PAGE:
Uncovering the stories and value behind your vintage or antique china can be an exciting journey or a pain in the butt, depending on your level of patience. By understanding how to read the clues and patterns within the pieces, you can often gather all the information you'll need to identify the pattern. If you have the time and interest, you can also gain a deeper appreciation and understanding of the china pattern, history and value.
There are a few easy steps to kick off your pattern identification search:
- Look for the manufacturer: The place to start to identify your pattern is by looking for a backstamp or hallmark on the bottom of the piece. This will often include the manufacturer's name and the pattern name. Additionally, many manufacturers print a code or number on the bottom to indicate the pattern number. If you have dinner or salad plates, look there first, as they're the most likely to be marked.
- Think your pattern is somewhat popular or well-known? One simple thing you can try is a Google Image Search. Type in defining pattern attributes, like colors, textures, design/motifs, gilding, etc. and any other characteristics you observe.
Even if you can't find your exact pattern. You can usually narrow down the number of possible options by comparing your pattern to the images you find.
When you know the manufacturer's name:
Once you've found the manufacturer's name, you have a few options.
If the manufacturer indicated on your backstamp is still in business, you can try visiting their website or contacting them directly. The following brands have extensive catalogues of antique and discontinued pieces:
- Meissen China Patterns (meissen.com) for Meissen china patterns.
- The National Shelley China Club (shelleychinaclub.com) for Shelley china patterns and their dates.
- The Spode Collection (spodemuseumtrust.org) for Spode patterns with photos and a paid identification service.
- Robbin's Nest Noritake Directory (robbinsnest.com) for Noritake patterns and photos.
- Haviland Online (havilandonline.com) for Haviland china patterns and identification tips.
You can further narrow down your options using Replacements.com, an e-commerce store which maintains an extensive library of photos and sells replacement pieces for thousands of patterns. If you can’t find your pattern through their search, you can submit a pattern identification request with pictures of your china and have their experts try to identify it for you.
The service is free and, according to a request I just submitted, will send you an email within 7 days with their findings.
How to identify unmarked china/ if there’s no backstamp:
If a piece of china is unmarked, it can be more difficult to identify the pattern or manufacturer. However, there are still a few ways to try to determine its origins:
- Look for any identifying characteristics, such as unique shapes, designs, or colors, that may match known patterns or manufacturers. Note the type of clay used (e.g., bone china, hard porcelain, soft porcelain, etc.) and the method of production (e.g., transferware), which could also provide some clue about the manufacturer or period of production.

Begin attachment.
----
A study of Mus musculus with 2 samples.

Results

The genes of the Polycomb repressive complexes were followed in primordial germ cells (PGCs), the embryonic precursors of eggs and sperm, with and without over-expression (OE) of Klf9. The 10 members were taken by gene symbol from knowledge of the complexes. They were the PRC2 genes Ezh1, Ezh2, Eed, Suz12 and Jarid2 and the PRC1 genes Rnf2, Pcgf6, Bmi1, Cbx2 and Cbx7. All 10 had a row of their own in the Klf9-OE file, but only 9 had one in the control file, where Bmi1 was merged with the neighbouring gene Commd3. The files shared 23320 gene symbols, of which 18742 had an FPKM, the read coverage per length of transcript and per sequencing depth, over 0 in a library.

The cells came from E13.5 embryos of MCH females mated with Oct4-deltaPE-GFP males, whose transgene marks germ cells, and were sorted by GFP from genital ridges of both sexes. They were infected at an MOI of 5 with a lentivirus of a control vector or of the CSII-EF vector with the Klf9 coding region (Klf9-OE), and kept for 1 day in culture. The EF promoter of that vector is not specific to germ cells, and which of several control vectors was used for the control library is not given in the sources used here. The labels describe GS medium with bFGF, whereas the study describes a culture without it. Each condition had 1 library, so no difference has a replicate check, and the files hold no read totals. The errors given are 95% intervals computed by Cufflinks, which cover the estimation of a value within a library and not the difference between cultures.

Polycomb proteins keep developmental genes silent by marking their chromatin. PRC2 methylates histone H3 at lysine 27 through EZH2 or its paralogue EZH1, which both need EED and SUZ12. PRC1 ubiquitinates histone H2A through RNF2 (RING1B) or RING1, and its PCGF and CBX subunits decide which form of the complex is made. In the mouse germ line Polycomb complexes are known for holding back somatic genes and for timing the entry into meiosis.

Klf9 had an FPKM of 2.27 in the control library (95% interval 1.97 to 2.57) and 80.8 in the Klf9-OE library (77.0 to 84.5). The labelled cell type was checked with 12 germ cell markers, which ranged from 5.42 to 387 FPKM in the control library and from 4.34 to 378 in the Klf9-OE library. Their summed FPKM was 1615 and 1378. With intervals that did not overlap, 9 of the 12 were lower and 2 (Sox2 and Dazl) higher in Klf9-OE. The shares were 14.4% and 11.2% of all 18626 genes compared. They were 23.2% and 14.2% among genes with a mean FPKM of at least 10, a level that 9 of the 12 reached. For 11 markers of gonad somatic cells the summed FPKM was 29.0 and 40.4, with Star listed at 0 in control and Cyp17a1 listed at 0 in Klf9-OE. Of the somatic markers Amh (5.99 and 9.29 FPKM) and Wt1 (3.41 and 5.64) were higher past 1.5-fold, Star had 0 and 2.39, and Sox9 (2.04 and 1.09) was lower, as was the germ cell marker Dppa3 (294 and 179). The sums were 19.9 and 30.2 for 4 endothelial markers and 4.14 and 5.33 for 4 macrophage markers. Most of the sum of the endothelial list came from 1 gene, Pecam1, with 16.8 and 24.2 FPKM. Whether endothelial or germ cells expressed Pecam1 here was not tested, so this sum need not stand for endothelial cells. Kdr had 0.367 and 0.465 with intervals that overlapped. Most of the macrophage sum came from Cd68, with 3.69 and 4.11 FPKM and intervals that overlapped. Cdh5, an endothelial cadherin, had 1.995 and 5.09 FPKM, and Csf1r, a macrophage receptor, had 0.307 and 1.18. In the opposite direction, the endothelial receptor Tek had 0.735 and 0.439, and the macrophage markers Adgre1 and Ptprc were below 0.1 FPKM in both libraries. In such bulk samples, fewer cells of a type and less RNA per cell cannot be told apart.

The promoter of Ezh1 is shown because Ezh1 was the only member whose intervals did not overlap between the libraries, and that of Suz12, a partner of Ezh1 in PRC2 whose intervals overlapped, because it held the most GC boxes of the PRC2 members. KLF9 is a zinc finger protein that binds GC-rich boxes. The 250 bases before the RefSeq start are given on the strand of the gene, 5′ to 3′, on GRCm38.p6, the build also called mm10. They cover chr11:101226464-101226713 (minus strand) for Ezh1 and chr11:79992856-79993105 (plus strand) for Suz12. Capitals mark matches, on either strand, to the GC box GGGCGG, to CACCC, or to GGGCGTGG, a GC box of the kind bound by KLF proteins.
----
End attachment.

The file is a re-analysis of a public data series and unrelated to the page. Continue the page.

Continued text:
- Research similar pieces from various manufacturers and compare them to your unmarked piece.
- Check for any other markings or inscriptions on the piece, such as a pattern number or company logo, that may provide clues to its origins.
Ultimately, you may need to seek out the help of an expert. Again, replacements.com is your best starting point. Antique dealers and auction houses will likely charge a fee for their services, especially if you don’t try to sell your china with them.
Whether you're looking to identify a common pattern or a rare, antique treasure, gaining an understanding of the details of your china can enhance your appreciation for its historical significance. It can even help connect you to the original owner, like a grandparent or loved one from your past or present.
What to do with your vintage china set?
Now that you've identified the pattern, what will you do with your china set? If you’re not planning to use it, consider transforming your set into unique serving pieces and gifts. This way, you can appreciate the pattern and any memories you may have associated with it, while keeping just a few pieces to share and enjoy. It also means you can part ways with the rest without guilt or regret. Learn more about The Brooklyn Teacup’s China Upcycle Service here.
There are also plenty of ways to creatively reuse and repurpose your pretty porcelain pieces outside of the kitchen or dining room. For example, design a plate wall or use your teacups and shallow soup bowls inside your drawers to keep clutter organized and oh so charming.
If you're thinking about selling your fine china set, I encourage you to read our post with tips and considerations to help you set clear expectations. There you can also read about worthy organizations where you can donate your china.